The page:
Chapter 01: Origins of Data
This chapter is about data collection and data quality. The chapter starts by introducing key concepts of data. It then describes the most important methods of data collection used in business, economics, and policy analysis, such as web scraping, using administrative sources, and conducting surveys. We introduce aspects of data quality, such as validity and reliability of variables and coverage of observations. We discuss how to assess and link data quality to how the data was collected. We devote a section to Big Data to understand what it is and how it may differ from more traditional data. This chapter also covers sampling, incuding random sampling and potential biases due to noncoverage and nonresponse, as well as ethical issues and some good practices in data collection.
Chapter 02: Preparing Data for Analysis
This chapter is about preparing data for analysis: how to start working with data. First, we clarify some concepts: types of variables, types of observations, data tables, and datasets. We then turn to the concept of tidy data: data tables with the same kinds of observations. We discuss potential issues with observations and variables, and how to deal with those issues. We describe good practices for the process of data cleaning and discuss the additional challenges of working with Big Data.
Chapter 03: Exploratory Data Analysis
The chapter starts with exploratory data analysis is important. It then discusses some basic concepts such as frequencies, probabilities, distributions, and extreme values. It includes guidelines for producing informative graphs and tables for presentation and describes the most important summary statistics. The chapter and its appendix also cover some of the most important theoretical distributions and their uses.
Chapter 04: Comparison and Correlation
Most methods of data analysis are based on comparing values of one variable, y, across observations with different values of another variable, x, or more such variables. This chapter instroduces simple methods of such comparison. We start by emphasizing that we need to define both y and x precisely for meaningful comparisons, and we need to measure them well. We introduce conditioning, and we discuss conditional comparisons, or further conditioning, which takes values of other variables into account as well. We discuss conditional probabilities, conditional distributions, and conditional means. We introduce the related concepts of dependence, mean-dependence, and we introduce covariance and correlation. Throughout the chapter, we discuss informative visualization of the various kinds of comparisons.
Chapter 05: Generalizing from Data
This chapter introduces the conceptual issues with generalizing results from our data to the general pattern we care about and methods of statistical inference. We start by discussing the two steps of the process of generalization: generalizing from the data to the general pattern our data represents, such as a population, and assessing how the general pattern that is relevant for the situation we care about relates to the general pattern our data represents. The first task is statistical inference, the second is assessing external validity. We introduce the conceptual framework of repeated samples and estimation. We introduce the standard error and the confidence interval that quantify the uncertainty of this step of generalization. We introduce two methods to estimate the standard error, the bootstrap and the standard error formula. Discussing external validity, we acknowledge that there are no readily available methods to quantify the uncertainty of this step of generalization, but we discuss how we can think about it and how we may use the results of additional data analysis to assess it.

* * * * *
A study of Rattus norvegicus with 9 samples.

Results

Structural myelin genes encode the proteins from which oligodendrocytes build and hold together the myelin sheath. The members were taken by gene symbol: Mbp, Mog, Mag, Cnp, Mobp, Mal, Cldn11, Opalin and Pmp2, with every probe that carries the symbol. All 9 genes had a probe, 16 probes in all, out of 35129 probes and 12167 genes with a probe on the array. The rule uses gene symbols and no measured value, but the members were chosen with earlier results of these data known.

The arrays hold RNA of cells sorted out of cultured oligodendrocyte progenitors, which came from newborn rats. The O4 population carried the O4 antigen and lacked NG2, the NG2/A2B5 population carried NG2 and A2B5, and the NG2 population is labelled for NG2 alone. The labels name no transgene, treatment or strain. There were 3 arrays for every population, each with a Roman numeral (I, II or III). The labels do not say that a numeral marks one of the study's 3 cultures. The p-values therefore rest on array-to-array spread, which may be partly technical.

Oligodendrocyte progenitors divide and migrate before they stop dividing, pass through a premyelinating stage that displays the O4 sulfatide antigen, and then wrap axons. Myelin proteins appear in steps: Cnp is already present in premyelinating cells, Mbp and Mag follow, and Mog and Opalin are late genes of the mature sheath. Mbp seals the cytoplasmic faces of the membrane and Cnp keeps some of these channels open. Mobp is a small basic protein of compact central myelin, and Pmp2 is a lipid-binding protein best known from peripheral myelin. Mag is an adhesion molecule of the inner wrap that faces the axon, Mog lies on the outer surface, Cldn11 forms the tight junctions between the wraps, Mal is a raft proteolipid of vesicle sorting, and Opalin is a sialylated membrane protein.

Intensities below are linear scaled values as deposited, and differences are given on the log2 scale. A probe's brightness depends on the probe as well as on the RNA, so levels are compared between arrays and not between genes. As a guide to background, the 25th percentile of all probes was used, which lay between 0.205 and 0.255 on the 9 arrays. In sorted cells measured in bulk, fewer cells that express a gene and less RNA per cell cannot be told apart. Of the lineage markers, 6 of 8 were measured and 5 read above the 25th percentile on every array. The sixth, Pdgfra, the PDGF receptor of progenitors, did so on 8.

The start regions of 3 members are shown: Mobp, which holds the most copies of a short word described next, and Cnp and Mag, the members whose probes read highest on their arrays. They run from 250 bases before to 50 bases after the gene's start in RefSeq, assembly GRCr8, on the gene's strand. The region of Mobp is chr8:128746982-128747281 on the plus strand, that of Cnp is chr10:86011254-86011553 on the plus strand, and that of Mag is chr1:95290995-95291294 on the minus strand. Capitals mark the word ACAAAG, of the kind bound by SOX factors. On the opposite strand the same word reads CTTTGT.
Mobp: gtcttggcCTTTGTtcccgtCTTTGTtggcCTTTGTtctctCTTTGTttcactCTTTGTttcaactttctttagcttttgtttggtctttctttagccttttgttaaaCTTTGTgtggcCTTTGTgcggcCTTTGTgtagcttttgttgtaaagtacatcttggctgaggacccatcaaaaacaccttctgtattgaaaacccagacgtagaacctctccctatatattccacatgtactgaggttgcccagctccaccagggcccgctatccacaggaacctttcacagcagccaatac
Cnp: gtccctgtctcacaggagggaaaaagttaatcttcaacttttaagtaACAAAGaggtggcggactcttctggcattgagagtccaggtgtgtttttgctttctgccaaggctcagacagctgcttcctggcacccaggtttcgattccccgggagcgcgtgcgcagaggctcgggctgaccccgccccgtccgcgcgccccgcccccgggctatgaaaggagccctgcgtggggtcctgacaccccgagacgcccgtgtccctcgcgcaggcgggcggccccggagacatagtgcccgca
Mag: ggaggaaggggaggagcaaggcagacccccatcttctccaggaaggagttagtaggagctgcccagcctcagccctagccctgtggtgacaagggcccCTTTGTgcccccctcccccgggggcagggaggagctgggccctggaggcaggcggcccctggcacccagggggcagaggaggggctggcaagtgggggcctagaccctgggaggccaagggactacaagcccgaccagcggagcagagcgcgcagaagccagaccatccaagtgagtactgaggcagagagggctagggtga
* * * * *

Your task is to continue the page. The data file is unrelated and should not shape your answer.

Chapter 06: Testing Hypotheses
This chapter introduces the logic and practice of testing hypotheses. We describe the steps of hypothesis testing and discuss two alternative ways to carry it out: one with the help of a test statistic and a critical value, and another one with the help of a p-value. We discuss how decision rules are derived from our desire to control the likelihood of making erroneous decisions (false positives and false negatives), and how significance levels, power, and p-values are related to the likelihood of those errors. We focus on testing hypotheses about averages, but, as we show in one of our case studies, this focus is less restrictive than it may appear. The chapter covers one-sided versus two-sided alternatives, issues with testing multiple hypotheses, the perils of p-hacking, and some issues with testing on Big Data.